Thing 23: Digital storytelling

Digital storytelling plays an increasingly visible part in our daily lives. Mobile technologies and apps put the tools to capture and create stories into our hands every day and some organisations are also exploring ways to use storytelling via online tools to engage stakeholders. As the Shanachie team from “This Week in Libraries” often remind us, the mission of libraries includes the goals to “keep stories, make stories, share stories”, increasingly many of these are digital stories.  Your library clients and colleagues may have many different objectives for their digital storytelling activities (eg teaching ESL, compiling local history, sharing family history, collecting oral histories, presenting information in data visualisations and community engagement).




  • What roles does your library play in helping your communities to create, share and keep their own stories?
  • How much of the digital storytelling that is happening in your community right now will be accessible in five years time? How could the library keep a sample for readers and researchers of the future?
  • Are there priorities to consider when working with indigenous communities on digital storytelling projects? (eg. Kirsten Thorpe explores the Protocols for libraries and archives in Australia: incorporating Indigenous perspectives in the information field in her IFLA paper).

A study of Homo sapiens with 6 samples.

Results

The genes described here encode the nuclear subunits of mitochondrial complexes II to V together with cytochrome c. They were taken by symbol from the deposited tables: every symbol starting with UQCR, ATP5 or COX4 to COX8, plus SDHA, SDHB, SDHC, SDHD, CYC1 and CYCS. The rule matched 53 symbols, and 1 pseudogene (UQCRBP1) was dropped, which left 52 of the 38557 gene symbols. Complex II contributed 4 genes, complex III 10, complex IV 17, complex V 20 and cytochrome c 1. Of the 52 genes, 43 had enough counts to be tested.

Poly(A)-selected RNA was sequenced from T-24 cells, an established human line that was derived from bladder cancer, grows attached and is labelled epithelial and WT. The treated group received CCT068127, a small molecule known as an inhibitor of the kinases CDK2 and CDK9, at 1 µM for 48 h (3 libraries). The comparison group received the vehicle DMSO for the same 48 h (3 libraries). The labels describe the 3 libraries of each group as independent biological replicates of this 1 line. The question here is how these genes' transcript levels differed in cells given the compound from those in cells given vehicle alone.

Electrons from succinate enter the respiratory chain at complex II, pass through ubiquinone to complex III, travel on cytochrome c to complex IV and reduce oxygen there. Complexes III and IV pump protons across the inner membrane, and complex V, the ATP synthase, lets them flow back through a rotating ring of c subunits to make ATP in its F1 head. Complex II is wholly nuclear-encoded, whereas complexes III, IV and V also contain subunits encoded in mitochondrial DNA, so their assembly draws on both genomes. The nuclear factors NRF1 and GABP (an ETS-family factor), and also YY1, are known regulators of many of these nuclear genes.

• Can you help clients locate the resources they need for digital storytelling projects (eg. public domain or Creative Commons licensed music and images, storytelling apps and web based tools)?
  • What questions do you need to ask before setting up a digital storytelling project to capture local history? Prarienet have some useful tips to consider.

7 Comments on “Thing 23: Digital storytelling


    Yikes! I use it in fits and starts and never really thought too much about how many are creating content. Because I wondered with digital storytelling how many people are prepared to do it? But a lot of the stuff on YouTube could be considered storytelling of some form or another. And that’s just one platform.

    I can see digital storytelling being important in remote communities and I like the idea of us having some stories attached to our website for people who have sick children, or can’t get to the library because they can’t find parking! I know it’s something we’ve been looking at for quite awhile, like everything it’s a matter of getting the time to do it while making sure everything else gets done!